There’s a saying that I’m sure you’ve come across on occasion: “You don’t have a soul. You are a soul. You have a body.” It’s often misattributed to C.S. Lewis, but I don’t think he ever actually said anything of the kind. It shows up several times before Lewis, usually in wording pretty close to that, but we don’t know for sure how it started. The idea it reflects it pretty similar to the Gnostic belief that the material world is an illusion meant to hold us back. While it was rejected by orthodox Christianity, it kind of seems like it managed to sneak back in. References in the New Testament suggest a bodily resurrection, as also mentioned in the book of Daniel, apparently a favorite of Jesus. When this general resurrection didn’t happen, it became more common to think of souls as going to Heaven or Hell after death. Some Christian denominations still hold that the bodily resurrection will eventually occur, while others largely disregard it. The thing is, if the soul can live on eternally without the body, it kind of makes life on Earth somewhat irrelevant. Sure, the mainstream belief differs from the Gnostic in that it affirms the reality of material things, but a human lifespan is apparently a drop in the bucket compared to how long a soul can exist.
I must admit to being curious as to what exactly people think a soul is, and how the concept developed. It’s the animating force of the body, but at the same time it also seems to encompass a person’s mind and identity. As such, it’s still YOU moving on into the afterlife, not just a collection of spiritual energy.
I can’t say I’m sold (souled?) on the idea myself, as it seems to me that the prevailing wisdom is that identity is stored in the brain and can’t be separated from it. I think the idea that personalities can simply cease to exist is inherently disturbing, however, so different cultures came up with different ways they could live on. I’m not saying it isn’t a tempting idea, just that I find it unlikely. While there are still debates now as to whether, say, animals have souls, some of the oldest known religious beliefs are animist ones in which even non-living things do.
Of course, back then no one knew about cells, so there wasn’t as much of a line of demarcation between life and non-life. Also, I’m not sure whether animists believed that souls could be separated from bodies, so the implication isn’t necessarily that a rock can have an eternal afterlife.
The Wikipedia article on ghosts suggests that the soul was commonly associated with breath, since living things stop breathing when they die. That could be why ghosts are often thought of as wispy, like frozen breath on a cold day.
It also appears to be a pretty old belief that the dead still look like they did in life. This would probably be essential if you’re going to recognize the spirit of someone you knew, unless that information is just automatically filtered into your mind or something. While it’s tempting to think of a soul as pure energy, I don’t think that really fits with the common understanding. Ghosts can float around and walk through walls, but they’re also frequently regarded as interacting with physical objects.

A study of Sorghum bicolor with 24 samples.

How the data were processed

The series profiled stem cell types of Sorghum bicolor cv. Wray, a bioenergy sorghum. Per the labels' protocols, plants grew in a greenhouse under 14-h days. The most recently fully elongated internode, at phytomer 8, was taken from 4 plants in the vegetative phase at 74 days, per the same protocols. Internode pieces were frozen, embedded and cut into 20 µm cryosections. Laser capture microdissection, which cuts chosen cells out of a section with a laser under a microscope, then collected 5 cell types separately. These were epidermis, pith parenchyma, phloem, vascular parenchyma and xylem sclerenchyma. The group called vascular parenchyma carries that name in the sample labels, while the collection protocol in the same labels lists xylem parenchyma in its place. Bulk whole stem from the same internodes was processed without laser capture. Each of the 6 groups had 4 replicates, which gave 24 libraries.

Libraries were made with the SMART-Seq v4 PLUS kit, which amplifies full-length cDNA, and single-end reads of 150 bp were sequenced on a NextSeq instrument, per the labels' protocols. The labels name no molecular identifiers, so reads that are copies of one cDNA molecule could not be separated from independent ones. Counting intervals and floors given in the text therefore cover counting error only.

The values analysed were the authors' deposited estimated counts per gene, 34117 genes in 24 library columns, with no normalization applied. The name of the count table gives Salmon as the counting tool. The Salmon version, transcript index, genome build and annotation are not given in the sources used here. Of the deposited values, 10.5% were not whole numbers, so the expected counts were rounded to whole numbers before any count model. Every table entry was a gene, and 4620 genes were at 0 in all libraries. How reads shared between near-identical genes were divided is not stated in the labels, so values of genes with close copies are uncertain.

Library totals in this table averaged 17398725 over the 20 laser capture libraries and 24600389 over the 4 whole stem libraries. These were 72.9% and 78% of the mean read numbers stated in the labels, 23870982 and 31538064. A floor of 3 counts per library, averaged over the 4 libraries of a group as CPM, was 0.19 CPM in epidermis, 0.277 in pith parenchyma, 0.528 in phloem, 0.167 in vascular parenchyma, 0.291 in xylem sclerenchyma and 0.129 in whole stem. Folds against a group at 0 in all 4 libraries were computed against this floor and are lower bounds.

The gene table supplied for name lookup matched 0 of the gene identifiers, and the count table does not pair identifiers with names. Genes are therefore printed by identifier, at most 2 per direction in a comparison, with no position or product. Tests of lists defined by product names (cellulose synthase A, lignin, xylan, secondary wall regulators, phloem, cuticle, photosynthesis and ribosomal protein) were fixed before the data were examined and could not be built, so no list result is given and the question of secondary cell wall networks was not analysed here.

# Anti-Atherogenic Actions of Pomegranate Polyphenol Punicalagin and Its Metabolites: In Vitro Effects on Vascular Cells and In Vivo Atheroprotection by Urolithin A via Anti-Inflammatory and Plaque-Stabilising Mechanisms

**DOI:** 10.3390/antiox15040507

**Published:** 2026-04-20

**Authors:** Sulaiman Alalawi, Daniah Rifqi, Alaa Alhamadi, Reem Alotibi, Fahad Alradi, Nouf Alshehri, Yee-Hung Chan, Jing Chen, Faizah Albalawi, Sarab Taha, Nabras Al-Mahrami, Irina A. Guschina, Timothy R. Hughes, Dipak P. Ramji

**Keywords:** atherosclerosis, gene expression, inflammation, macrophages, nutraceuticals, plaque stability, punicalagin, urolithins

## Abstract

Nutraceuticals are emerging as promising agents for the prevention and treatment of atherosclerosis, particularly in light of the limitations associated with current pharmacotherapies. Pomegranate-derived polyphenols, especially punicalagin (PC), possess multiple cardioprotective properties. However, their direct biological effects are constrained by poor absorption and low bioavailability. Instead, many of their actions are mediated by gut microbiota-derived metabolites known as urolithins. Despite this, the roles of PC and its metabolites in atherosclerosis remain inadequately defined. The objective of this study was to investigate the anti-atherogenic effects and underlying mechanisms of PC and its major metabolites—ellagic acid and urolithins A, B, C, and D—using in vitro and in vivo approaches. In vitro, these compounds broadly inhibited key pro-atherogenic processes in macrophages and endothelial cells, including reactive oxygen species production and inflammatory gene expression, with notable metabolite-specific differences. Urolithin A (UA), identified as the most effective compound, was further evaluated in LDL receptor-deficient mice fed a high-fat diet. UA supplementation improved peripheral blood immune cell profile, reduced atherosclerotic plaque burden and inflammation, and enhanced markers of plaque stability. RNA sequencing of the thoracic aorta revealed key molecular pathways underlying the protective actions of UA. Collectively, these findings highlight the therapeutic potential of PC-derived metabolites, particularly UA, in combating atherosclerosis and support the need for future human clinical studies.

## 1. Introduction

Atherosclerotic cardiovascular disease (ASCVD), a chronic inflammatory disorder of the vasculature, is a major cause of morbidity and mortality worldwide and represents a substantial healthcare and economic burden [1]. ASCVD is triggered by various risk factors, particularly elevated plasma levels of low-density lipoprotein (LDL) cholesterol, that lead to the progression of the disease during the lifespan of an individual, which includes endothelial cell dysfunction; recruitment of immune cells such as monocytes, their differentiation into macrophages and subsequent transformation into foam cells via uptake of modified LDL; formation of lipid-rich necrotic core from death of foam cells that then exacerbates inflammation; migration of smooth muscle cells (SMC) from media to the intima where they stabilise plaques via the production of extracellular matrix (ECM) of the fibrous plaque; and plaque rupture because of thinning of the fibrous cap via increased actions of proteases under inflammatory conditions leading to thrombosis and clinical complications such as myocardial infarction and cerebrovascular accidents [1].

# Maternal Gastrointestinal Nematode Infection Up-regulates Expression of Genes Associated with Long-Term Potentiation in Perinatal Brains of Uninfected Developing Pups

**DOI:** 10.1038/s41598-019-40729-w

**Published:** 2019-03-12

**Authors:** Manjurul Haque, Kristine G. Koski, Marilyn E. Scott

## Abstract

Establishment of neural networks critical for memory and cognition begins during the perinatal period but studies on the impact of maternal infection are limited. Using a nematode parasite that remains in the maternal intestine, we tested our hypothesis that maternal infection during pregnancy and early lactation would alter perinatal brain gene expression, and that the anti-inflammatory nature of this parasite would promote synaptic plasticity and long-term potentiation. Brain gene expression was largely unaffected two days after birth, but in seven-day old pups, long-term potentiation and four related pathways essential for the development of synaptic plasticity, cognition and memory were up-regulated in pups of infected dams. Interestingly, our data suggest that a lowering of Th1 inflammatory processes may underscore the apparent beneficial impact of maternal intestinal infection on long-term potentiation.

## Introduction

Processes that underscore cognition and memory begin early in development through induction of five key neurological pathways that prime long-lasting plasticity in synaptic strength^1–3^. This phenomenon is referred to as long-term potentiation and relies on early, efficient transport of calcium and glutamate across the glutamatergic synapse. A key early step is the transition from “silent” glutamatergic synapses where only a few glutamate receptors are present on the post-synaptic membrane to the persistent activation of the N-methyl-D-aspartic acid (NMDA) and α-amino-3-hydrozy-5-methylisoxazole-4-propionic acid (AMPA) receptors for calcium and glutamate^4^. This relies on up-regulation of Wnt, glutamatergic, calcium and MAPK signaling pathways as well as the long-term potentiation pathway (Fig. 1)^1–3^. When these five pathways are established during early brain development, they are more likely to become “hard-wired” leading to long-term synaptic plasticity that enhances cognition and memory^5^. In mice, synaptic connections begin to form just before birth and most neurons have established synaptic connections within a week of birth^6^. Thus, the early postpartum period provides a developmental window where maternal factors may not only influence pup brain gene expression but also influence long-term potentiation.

In reading about mythology, I’ve come across many different concepts of the afterlife and the world of the dead. The Greek Asphodel and the Hebrew Sheol are more or less shadowy underground realms of eternal boredom. I think a lot of people would rather just cease to exist than go there, but I guess at least you can still occasionally keep in touch with your living friends and relatives, like when Odysseus chatted with the shades.
There are also many variations on souls being rewarded or punished for their deeds on Earth, and often in ways that suggest they still have some physical substance. After all, if you no longer have a body, you would think you wouldn’t need to eat and couldn’t feel pain, but the honored souls were still said to spend their time feasting and the damned burning in fire.
Tantalus‘ punishment in Tartarus consisted of being denied food. Some cultures that practice ancestor worship will offer food to their late predecessors, and it seems that ancient Egyptians thought they could bring some things with them to the afterlife. Some old Egyptian and Mesopotamian beliefs held that the next life wouldn’t be a place of eternal reward, punishment, or boredom; but rather another life much like on Earth. It seems common now to regard these very physical descriptions of the afterlife as merely symbolic, and maybe they were always intended to be. There’s really no way to tell until someone makes a trip there and back, and I don’t mean that Heaven Is for Real kid. Indeed, people who claim they’ve seen Heaven or Hell often have ideas suspiciously close to the popular conceptions that they’ve almost certainly learned about before.